Sun. Nov. 8, 1998. By Ken Campbell, Toronto Star Sports Reporter.

If you had heard of Marquis Mathieu before this season, you're either a big fan of the East Coast Hockey League or you have far too much time on your hands.

For the record, Mathieu is a 5-foot-11, 190-pound centre for the Boston Bruins. In the past five years, he has enjoyed stints in Wheeling, Fredericton, Raleigh, Toledo, Worcester, Johnstown, Birmingham, Houston and the parts counter of a Suzuki dealership in Quebec city.

And he's part of a growing breed of NHL player - the guy you've never heard of before. Like Harry York, Bruce Gardiner, Phil Crowe, Ray Schultz and Hal Gill before him, obscure players such as Mathieu are springing up like dandelions. Ever heard of Dan Smith? He played for the Colorado Avalanche earlier this season. What about Jan Mertzig? Bet you didn't know him from Adam Oates until he lined up beside Jeff Beukeboom for the Rangers last night. Get used to it. When the NHL bloats to 30 teams in the next two years, the Marquis Mathieus of the world will be all over the place.

Two years ago, Marquis was recovering from abdominal surgery and was working at a Suzuki shop in his home town when he realized he wanted to give hockey one last try.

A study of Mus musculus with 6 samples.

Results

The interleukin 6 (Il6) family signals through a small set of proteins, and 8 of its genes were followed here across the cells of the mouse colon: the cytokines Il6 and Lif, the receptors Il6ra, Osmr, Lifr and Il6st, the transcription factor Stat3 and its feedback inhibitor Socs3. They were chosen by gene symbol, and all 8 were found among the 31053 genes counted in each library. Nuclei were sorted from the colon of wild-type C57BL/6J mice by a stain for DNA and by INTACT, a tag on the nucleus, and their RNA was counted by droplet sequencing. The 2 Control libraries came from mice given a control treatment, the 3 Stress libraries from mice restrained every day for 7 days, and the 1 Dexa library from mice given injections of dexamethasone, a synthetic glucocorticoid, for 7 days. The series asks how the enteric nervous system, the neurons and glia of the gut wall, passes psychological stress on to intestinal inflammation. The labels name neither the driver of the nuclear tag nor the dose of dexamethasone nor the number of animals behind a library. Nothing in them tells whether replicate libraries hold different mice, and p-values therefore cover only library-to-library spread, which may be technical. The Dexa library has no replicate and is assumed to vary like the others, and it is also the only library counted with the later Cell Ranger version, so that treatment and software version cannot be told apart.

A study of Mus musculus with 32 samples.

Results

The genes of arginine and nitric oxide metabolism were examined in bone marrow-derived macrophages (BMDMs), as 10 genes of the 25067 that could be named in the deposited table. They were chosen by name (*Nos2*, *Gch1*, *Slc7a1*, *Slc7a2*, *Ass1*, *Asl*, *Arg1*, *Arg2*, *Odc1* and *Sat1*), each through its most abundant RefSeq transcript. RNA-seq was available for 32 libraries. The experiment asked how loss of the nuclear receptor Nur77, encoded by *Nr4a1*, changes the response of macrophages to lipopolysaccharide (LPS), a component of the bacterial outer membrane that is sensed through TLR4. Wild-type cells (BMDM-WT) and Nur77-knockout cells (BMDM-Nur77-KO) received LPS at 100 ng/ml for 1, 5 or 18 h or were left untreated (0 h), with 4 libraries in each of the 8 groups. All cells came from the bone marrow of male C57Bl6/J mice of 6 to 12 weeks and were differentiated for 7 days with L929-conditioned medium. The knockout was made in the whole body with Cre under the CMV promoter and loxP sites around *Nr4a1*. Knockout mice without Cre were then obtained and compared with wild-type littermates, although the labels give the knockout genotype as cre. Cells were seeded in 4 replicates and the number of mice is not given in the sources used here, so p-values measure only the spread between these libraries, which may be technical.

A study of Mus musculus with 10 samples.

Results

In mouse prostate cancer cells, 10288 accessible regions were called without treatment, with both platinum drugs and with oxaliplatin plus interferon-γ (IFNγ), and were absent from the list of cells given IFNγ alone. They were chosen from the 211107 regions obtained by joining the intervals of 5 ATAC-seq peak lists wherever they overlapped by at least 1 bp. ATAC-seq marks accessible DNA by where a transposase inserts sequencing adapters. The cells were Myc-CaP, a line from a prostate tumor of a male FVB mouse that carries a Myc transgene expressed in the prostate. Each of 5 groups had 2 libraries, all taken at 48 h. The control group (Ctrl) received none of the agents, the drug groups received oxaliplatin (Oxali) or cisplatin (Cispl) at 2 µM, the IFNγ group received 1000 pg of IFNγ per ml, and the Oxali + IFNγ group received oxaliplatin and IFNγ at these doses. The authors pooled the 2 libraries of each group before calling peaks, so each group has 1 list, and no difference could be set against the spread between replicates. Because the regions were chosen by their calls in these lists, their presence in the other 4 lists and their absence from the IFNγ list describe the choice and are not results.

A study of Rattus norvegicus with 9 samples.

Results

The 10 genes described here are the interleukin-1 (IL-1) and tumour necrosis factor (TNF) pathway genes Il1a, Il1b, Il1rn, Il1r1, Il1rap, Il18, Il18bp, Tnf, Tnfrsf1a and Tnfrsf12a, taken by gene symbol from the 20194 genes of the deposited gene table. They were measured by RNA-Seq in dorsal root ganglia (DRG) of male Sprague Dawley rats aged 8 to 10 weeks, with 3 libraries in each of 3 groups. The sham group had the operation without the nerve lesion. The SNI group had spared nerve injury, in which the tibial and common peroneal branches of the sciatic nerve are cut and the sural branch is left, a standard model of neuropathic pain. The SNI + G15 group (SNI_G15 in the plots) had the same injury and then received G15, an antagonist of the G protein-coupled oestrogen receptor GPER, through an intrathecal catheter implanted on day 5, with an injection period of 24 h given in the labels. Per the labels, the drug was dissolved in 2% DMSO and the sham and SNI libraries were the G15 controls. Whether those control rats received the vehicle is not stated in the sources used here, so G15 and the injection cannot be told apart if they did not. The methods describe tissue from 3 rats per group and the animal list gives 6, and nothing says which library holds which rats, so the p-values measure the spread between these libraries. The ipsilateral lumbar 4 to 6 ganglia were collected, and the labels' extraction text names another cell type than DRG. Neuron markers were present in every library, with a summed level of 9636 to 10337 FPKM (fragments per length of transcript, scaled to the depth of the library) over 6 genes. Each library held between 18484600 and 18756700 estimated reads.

``I found out what it was like to wake up every day and have to go out to work for a living,'' said Mathieu, 25. ``I thought there had to be a better life for me than working 9 to 5.''

Mathieu joined the Wheeling (W. Va.) Nailers of the ECHL last season and when Nailers coach Peter Laviolette got a job with the Providence Bruins of the American Hockey League, he brought in Mathieu. The parent team liked him so much it promoted him ahead of other prospects such as Cameron Mann and Randy Robitaille, and Mathieu signed a $325,000 (U.S.) contract on the flight to Montreal for his first game.

Mathieu is an in-your-face player who has been described as a poor man's Ken Linseman or Keith Acton. His gumption and determination has made him a favourite of Bruins coach Pat Burns.

``I've come a pretty long way,'' Mathieu said. ``You don't hear a story like mine too often.''

In today's NHL, you're starting to hear it more all the time.